A great performance is a hard experience to define. Is it inhabiting a great character, like Rooney Mara in The Girl with the Dragon Tattoo? Personifying the honest qualities of a real person, like Meryl Streep in The Iron Lady? Or does something truly great performance have to dig even deeper? Your response to a “great” performance comes from your own set of standards, but for myself, immersion is key—and, in that light, there’s nothing like Tilda Swinton’s breathtaking portrayal of a woman tortured by her familial existence in We Need to Talk About Kevin in 2011.
Swinton’s Eva is at the center of director Lynne Ramsey’s expressionistic drama, and she’s a character whose zest for life has no bounds. Eva travels the world, experiences anything that crosses her path just for the thrill and eventually finds true love in the schlubby, adoring Franklin (John C. Reilly). They move in to a New York City apartment, they settle down and life is pretty much perfect.
Then Eva gets pregnant.
Eva’s life downward spirals after the birth of her son Kevin, who transforms his mother’s life into a living hell from Day 1. As a baby, it’s incessant screaming (but only when he’s with Eva, never with Franklin). When he’s a toddler, Kevin is a pint-sized ball of chaos—but again, only around Eva. As he grows up, it’s clear that Kevin is a sociopath, driven by the mental destruction of his mother. Franklin thinks Eva’s nuts—what does there son have to gain from constantly terrorizing her?—but it’s clear, from her point of view, that love and reconciliation are two things she’ll never obtain from Kevin.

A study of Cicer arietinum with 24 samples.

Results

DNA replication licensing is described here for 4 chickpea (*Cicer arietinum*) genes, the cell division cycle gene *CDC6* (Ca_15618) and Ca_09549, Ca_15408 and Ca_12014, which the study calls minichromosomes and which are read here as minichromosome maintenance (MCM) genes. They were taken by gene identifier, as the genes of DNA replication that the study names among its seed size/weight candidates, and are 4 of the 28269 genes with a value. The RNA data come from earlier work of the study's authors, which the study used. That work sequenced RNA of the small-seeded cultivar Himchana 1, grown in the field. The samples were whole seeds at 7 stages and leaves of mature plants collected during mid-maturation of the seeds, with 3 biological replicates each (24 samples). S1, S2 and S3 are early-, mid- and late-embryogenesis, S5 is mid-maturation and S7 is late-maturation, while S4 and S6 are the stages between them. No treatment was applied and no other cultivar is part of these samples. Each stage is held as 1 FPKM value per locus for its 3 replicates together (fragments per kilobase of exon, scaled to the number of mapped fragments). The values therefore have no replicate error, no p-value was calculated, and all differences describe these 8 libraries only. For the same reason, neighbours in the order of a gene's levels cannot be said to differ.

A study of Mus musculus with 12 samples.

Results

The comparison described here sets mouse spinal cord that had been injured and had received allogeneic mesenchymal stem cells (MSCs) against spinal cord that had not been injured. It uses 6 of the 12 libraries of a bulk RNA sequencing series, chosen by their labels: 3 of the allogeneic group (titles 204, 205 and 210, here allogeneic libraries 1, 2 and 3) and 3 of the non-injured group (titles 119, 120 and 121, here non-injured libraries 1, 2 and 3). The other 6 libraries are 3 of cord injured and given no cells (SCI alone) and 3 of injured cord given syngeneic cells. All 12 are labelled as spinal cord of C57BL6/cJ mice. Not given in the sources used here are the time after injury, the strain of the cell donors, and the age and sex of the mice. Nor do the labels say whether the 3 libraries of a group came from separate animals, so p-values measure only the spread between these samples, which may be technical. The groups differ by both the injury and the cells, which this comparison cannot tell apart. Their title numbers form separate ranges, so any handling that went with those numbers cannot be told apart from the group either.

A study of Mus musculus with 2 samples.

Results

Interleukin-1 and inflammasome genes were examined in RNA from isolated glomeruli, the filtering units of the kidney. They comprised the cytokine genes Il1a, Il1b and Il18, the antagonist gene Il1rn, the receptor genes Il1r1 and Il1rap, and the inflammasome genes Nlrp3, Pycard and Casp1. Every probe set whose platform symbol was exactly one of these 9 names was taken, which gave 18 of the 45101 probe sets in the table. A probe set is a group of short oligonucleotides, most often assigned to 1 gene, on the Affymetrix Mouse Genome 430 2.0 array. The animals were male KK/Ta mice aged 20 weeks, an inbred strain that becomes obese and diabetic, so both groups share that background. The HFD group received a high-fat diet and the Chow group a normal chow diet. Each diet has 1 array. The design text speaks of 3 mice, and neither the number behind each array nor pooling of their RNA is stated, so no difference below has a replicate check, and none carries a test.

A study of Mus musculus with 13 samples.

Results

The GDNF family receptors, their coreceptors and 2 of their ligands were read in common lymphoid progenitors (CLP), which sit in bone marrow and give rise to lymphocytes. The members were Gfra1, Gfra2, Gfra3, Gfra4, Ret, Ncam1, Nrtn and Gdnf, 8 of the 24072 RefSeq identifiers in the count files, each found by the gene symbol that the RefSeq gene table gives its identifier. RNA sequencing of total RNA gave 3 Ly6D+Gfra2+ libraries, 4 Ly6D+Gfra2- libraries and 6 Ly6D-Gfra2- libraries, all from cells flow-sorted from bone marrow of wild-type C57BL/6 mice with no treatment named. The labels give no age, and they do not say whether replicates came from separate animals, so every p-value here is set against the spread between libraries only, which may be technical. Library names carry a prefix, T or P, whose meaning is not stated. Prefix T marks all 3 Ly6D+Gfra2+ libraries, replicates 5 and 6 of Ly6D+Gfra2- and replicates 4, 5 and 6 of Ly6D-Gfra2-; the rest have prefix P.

As Kevin grows up (played in his teen years by up-and-comer Ezra Miller), his snarling grin and pointed death stares penetrate Eva’s frail state of being even more aggressively. Swinton allows her self to be broken by the attacks, but always adhering to the responsibilities of motherhood. She has to love her son, whether she does or not. The way Swinton handles the emotional complexity of Eva’s predicament is what transcends her performance to something great. Dealing with Kevin his a balancing act—until one pivotal action drops a nuclear bomb on the entire situation.
We Need to Talk About Kevin bounces back and forth between a before and after scenario, slowly revealing the details of a horrific act of violence that finds Kevin at the center. The post-event Eva is defeated, a shell of her former self attempting to regain momentum and stay afloat, whether it’s by painting her new house or going on job interviews. Tilda Swinton may have lucked out with her electrifying pair of eyes, but in every moment the devastating memories of her previous life lives vividly on her face, like a death mask.
Swinton’s work and the movie as a whole aren’t easy to swallow, but that’s the price for an impactful tour de force. Even in her darkest moments, dealing with an unimaginable tragedy, Eva feels relatable. Our connection to her is especially terrifying when she openly rejects maternal instinct, employing uncouth parenting techniques. She averts our sympathy, but at the same time, raises familiar questions. Swinton may not win any awards this year—this isn’t the feel-good movie of the season—but that doesn’t mean she’s anything less than outstanding.